Business

Should you be giving money to relatives?

Whether it’s a hand up or a handout, many families wouldn’t be able to pay the bills or live as well as they do without extra cash from Mom and Dad, Grandma or Grandpa or a kindly aunt or uncle.

About 1 in 4 Americans received some money in the previous year to cover day-to-day expenses from someone who doesn’t live with them, according to data from the Pew Charitable Trusts’ Survey of American Family Finances and the Panel Study of Income Dynamics at the University of Michigan Institute for Social Research.

We’re not talking about slipping someone an extra $10 or $20 here or there, either.

We’re talking about giving someone $500 or more to cover a car repair, surgery for a beloved dog, student loan payment or some other ginormous bill.

The median dollar amount of assistance was $1,000, according to Pew’s research, which was conducted in late 2014 with a total sample size of 7,845 people.

“When Americans run into financial difficulty, their friends and their family are there to help them,” said Diana Elliott, research manager for the Pew study.

The survey, released earlier this month, showed that households that experienced a material financial hardship in the previous year were five times more likely than those that did not to receive money from family or friends. Maybe they missed a mortgage payment, skipped paying a bill, avoided going to the doctor, couldn’t afford to get a prescription filled or had a credit card declined.

None of this, of course, is any surprise to many grandmothers or aunts who have been running family bailout programs long before any of the big banks or automakers ran into financial trouble.

But sometimes, relatives refuse to cut spending, trim back or eliminate expensive unhealthy habits or even go out and get a job.

Like, maybe, you give the niece with a sob story $500 for her rent and she shows up on Facebook bragging about a brand-new python-embossed Michael Kors shoulder bag.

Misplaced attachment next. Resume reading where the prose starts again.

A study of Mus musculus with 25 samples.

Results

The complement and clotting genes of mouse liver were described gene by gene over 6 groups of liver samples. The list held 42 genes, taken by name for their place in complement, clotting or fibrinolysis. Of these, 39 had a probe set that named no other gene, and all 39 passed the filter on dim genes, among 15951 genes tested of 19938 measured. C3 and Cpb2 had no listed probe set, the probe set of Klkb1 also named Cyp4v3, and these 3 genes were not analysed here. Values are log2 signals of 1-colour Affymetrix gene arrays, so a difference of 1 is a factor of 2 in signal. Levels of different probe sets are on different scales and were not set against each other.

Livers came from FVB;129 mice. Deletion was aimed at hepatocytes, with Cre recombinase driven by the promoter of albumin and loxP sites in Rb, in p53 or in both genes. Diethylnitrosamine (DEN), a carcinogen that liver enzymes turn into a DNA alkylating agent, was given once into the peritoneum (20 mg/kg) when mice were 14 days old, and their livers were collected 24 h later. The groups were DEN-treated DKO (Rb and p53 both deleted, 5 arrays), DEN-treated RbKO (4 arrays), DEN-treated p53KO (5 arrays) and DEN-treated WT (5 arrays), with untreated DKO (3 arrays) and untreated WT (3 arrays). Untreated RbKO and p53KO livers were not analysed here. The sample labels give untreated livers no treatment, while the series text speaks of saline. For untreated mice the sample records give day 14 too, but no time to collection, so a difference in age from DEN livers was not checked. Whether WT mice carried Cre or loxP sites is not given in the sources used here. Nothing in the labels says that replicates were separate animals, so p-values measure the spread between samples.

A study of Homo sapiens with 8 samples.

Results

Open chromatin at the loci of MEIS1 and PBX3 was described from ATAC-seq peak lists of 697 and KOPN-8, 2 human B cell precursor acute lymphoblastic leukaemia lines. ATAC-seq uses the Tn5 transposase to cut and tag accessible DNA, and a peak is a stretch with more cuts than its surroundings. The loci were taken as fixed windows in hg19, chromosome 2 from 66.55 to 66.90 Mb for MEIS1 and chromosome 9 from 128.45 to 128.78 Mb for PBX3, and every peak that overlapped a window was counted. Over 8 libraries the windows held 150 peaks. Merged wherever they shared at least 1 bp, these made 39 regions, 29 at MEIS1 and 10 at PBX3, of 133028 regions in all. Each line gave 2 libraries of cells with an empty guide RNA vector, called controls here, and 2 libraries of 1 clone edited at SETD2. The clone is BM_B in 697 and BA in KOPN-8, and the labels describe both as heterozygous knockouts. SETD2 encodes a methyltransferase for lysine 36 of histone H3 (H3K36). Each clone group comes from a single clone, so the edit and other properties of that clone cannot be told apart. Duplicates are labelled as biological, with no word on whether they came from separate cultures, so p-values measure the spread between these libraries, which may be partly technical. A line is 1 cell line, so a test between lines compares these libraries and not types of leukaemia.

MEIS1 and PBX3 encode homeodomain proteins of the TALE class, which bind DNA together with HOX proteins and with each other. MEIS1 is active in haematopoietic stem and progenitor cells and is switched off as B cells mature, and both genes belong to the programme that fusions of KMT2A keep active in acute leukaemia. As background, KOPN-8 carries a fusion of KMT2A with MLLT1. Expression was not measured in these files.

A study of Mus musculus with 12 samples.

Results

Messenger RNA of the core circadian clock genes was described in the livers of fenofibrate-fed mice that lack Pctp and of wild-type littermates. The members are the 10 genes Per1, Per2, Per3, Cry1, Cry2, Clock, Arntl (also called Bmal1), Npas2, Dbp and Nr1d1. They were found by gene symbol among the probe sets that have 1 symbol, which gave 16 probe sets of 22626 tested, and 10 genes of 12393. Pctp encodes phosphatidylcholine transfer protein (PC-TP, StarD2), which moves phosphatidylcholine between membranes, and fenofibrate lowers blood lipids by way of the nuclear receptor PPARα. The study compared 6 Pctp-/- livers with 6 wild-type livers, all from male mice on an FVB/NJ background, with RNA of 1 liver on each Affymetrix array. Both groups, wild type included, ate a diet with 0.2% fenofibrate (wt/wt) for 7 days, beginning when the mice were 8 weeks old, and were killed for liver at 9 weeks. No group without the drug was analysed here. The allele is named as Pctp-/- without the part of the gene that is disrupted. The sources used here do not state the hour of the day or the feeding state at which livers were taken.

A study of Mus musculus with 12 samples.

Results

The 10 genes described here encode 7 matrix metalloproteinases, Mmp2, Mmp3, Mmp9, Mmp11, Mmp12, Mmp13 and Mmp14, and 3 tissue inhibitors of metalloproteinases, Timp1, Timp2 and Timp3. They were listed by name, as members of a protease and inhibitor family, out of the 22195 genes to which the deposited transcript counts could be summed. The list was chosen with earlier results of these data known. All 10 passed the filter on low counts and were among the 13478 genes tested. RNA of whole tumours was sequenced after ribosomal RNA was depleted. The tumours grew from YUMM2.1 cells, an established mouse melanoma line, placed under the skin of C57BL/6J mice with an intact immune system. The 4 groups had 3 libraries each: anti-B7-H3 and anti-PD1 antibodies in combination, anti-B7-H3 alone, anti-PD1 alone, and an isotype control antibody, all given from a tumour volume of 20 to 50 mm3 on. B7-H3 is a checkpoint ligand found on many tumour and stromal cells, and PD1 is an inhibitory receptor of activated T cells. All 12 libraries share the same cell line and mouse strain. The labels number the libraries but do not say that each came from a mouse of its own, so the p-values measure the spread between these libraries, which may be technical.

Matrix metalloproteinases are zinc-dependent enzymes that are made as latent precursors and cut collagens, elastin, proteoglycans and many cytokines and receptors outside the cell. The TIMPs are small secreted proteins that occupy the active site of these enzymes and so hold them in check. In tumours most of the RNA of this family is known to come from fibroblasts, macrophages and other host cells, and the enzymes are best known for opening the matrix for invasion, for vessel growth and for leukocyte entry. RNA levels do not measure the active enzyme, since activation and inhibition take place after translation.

At some point, you just need to slam on the brakes and say no.

How do you know if you can afford to help out a friend or family member without putting yourself in danger of a financial hardship?

Go through this checklist first before giving any money to a loved one or friend:

▪ Is your own retirement account fully funded?

▪ Do you have enough money in an emergency savings fund to cover your own bills for anywhere from three months to one year?

▪ Are all of your credit card bills paid in full each month?

▪ If you give or lend someone that money, can you completely let go of it without any strings?

Some young families raising children need that safety net provided by family or close friends. One in five households making less than $40,000 a year received money from friends and family in the past year – and two-thirds of those people got financial help more than one time. The amount of help for that income group often was around $500.

Unfortunately for some seniors, many in the family know too well whom to hit up for cash.

The so-called silent generation – retirees born in the mid-1920s to the early-1940s – were the most likely to give or lend money. The median amount given or lent was $2,000.

The baby boomers were next on the list with 30 percent helping out financially. The median amount given or lent was $1,000.

Younger family members benefited from the generosity the most. Millennials received the most money with 19 percent reporting receiving money in the past 12 months.

No doubt, it’s comforting to know that we can bank on our families and friends when we really need a little extra cash. But we all should realize, we really shouldn’t play that Friends & Family ATM card too often.

Susan Tompor is the personal finance columnist for the Detroit Free Press.